Cast: Rangaraj, Shweta Tripathi
Director: Raju Saravanan
Among the newer crop of filmmakers, Raju Murugan may be second to none in his love for Ilaiyaraaja. He appears to be working his way through the maestro’s catalogue. If Joker featured Alli thandha boomi, from Nandu, Mehandi Circus — for which Raju Murugan is credited with story and dialogues — has another song from that very film, Manjal veyyil. O paapa laali plays a key role in the scheme of things here, and the narrative revolves around Jeeva (Madhampatti Rangaraj), who owns a recording shop named… Rajageetham. The year is 1992, when a young upstart named AR Rahman has appeared on the scene. (He’s dismissed, at first, because there’s no “thanana thanana” in his music.) And it may be no accident the first song we hear in Mehandi Circus is Vaa vaa en veenaye, composed by Ilaiyaraaja’s brother Gangai Amaran. This film has been directed by Raju Murugan’s brother, Saravana Rajendran.
But that apparent diss to AR Rahman is not really a diss. (Though I think it’s safe to say that, after the thorough dismissal of a Minnale song, Harris Jayaraj will not be working with this team soon.) It’s just that 1992 was a cut-off point for Jeeva. He knows all film music from earlier, from the popular (Aadhi manidhan in Bale Pandiya) to the obscure (Kangalil aayiram sweet dreams in Vandhaale Maharaasi). But 1992 is when Jeeva lost Mehandi (Shweta Tripathi), and that’s when the music stopped. She’s a circus performer from Maharashtra (she’s in the knife-throwing act), and they fell in love when the circus pitched its tent in his village in Kodaikanal. She hears Yeh raatein yeh mausam from Dilli Ka Thug floating down from his first-floor shop. She stops in her tracks. That’s the power of film music. The song is about two fictional characters in love. You hear it and you feel it was created for you.
Mehandi Circus wants to be a romantic epic in the classical mould. (Selvakumar SK’s cinematography envelops the film in a blanket of amber-toned nostalgia.) The circus becomes a metaphor for life and knife-throwing becomes a metaphor for the one thing that keeps us going. In Jeeva’s case, that one thing is love. All this is rather clumsily narrated by the priest of the village (his one thing is Jesus) — but the character is marvellously written, and Vela Ramamurthy plays him with just the right mix of sternness and mischief. He’s a wine-sipping romantic who helps young couples elope. (And how did these young couples fall in love? Through the music of… Ilayaraja.) The scene that affected me the most was the one involving this priest and a ladies’ watch. It’s a small moment that blooms into the epic Mehandi Circus strives to be.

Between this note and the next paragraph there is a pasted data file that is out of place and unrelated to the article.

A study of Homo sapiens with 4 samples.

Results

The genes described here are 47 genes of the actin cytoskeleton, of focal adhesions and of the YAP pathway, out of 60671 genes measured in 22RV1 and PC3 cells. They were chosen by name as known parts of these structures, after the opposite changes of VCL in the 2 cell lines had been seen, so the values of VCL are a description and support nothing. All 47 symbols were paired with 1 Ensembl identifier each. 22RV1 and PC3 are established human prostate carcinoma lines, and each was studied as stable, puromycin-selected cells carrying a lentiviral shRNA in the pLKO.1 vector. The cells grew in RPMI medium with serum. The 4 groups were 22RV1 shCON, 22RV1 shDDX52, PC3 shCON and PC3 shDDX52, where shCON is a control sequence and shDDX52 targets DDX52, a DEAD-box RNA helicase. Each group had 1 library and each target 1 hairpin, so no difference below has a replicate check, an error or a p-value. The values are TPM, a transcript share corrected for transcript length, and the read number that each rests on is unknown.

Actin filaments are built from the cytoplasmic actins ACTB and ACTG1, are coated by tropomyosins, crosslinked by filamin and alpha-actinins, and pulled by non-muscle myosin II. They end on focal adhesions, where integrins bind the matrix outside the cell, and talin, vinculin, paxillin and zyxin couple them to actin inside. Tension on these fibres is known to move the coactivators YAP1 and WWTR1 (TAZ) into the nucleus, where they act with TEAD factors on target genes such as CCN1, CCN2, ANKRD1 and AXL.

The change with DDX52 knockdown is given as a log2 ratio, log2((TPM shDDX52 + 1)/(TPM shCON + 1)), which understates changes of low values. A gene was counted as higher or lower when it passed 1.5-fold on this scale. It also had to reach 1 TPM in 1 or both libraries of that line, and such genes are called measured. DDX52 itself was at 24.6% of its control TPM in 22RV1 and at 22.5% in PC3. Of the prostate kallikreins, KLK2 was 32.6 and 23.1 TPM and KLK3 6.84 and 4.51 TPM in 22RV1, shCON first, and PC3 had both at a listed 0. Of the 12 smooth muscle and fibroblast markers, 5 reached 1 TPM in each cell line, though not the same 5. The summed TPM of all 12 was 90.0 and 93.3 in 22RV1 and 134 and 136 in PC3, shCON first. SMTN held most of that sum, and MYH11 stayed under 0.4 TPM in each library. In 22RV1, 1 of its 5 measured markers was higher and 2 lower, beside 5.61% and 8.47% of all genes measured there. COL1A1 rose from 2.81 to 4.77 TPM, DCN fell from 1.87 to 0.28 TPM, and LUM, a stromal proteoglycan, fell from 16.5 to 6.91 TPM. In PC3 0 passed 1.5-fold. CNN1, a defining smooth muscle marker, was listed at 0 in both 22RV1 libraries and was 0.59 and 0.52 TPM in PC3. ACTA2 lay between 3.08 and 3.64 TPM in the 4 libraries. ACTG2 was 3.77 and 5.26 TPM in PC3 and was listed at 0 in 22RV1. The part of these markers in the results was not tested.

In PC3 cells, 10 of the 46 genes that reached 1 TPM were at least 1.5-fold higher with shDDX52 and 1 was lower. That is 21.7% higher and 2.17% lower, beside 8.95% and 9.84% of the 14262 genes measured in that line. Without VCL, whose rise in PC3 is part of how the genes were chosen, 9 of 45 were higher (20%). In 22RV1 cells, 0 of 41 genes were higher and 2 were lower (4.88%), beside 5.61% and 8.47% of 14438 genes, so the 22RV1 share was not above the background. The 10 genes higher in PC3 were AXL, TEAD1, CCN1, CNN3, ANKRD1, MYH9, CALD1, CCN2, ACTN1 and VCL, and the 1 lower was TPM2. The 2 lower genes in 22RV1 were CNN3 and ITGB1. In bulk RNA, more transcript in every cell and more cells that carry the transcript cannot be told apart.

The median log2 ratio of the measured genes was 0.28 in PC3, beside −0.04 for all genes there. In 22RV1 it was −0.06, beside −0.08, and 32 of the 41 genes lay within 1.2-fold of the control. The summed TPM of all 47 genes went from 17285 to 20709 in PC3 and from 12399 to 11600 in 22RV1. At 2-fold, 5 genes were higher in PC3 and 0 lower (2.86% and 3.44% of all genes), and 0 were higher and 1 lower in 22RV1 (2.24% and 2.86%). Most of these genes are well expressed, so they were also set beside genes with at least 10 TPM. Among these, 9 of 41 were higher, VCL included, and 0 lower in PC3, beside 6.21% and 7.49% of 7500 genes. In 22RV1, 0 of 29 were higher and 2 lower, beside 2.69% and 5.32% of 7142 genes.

The film itself, though, falls short. The romantic track between Jeeva and Mehandi lacks the little “nothing” moments that made something like Kadhal so special. But worse, there’s no palpable chemistry between the leads. Shweta Tripathi is a charming presence, and she proves how committed she is to her craft by learning her lines and delivering them haltingly. (Her lips are always in sync.) But Madhampatti Rangaraj is completely blank, and apart from the lines he utters, we get no sense of what he thinks and feels. I’m usually not a fan of huge scores in intimately scaled films, but Sean Roldan helps a lot to fill in the gaps in the romance. (Plus, his songs are lovely.)
The knife-throwing assumes a very interesting dimension once Mehandi’s father learns about the romance — as a conceit, it’s simply fabulous. But it needs the kind of madness that’s beyond the reach of this very literal-minded movie, that shows us a caste-based confrontation and then leaves us with a framed photograph of Ambedkar. Even more literally, a casteist man ends up being saved by the very Dalit individual he wouldn’t allow into his home. This is almost a parallel track in the film, and this 1960s-style melodrama clashes badly with the gentleness of the romance. Towards the end, we get a villain — I saw him coming from a mile away. Mehandi Circus is written more from the head than the heart. It’s been thought through, not felt. I wished it had taken a hint from the music of the composer whose songs are featured throughout, the maestro who effortlessly straddled head and heart.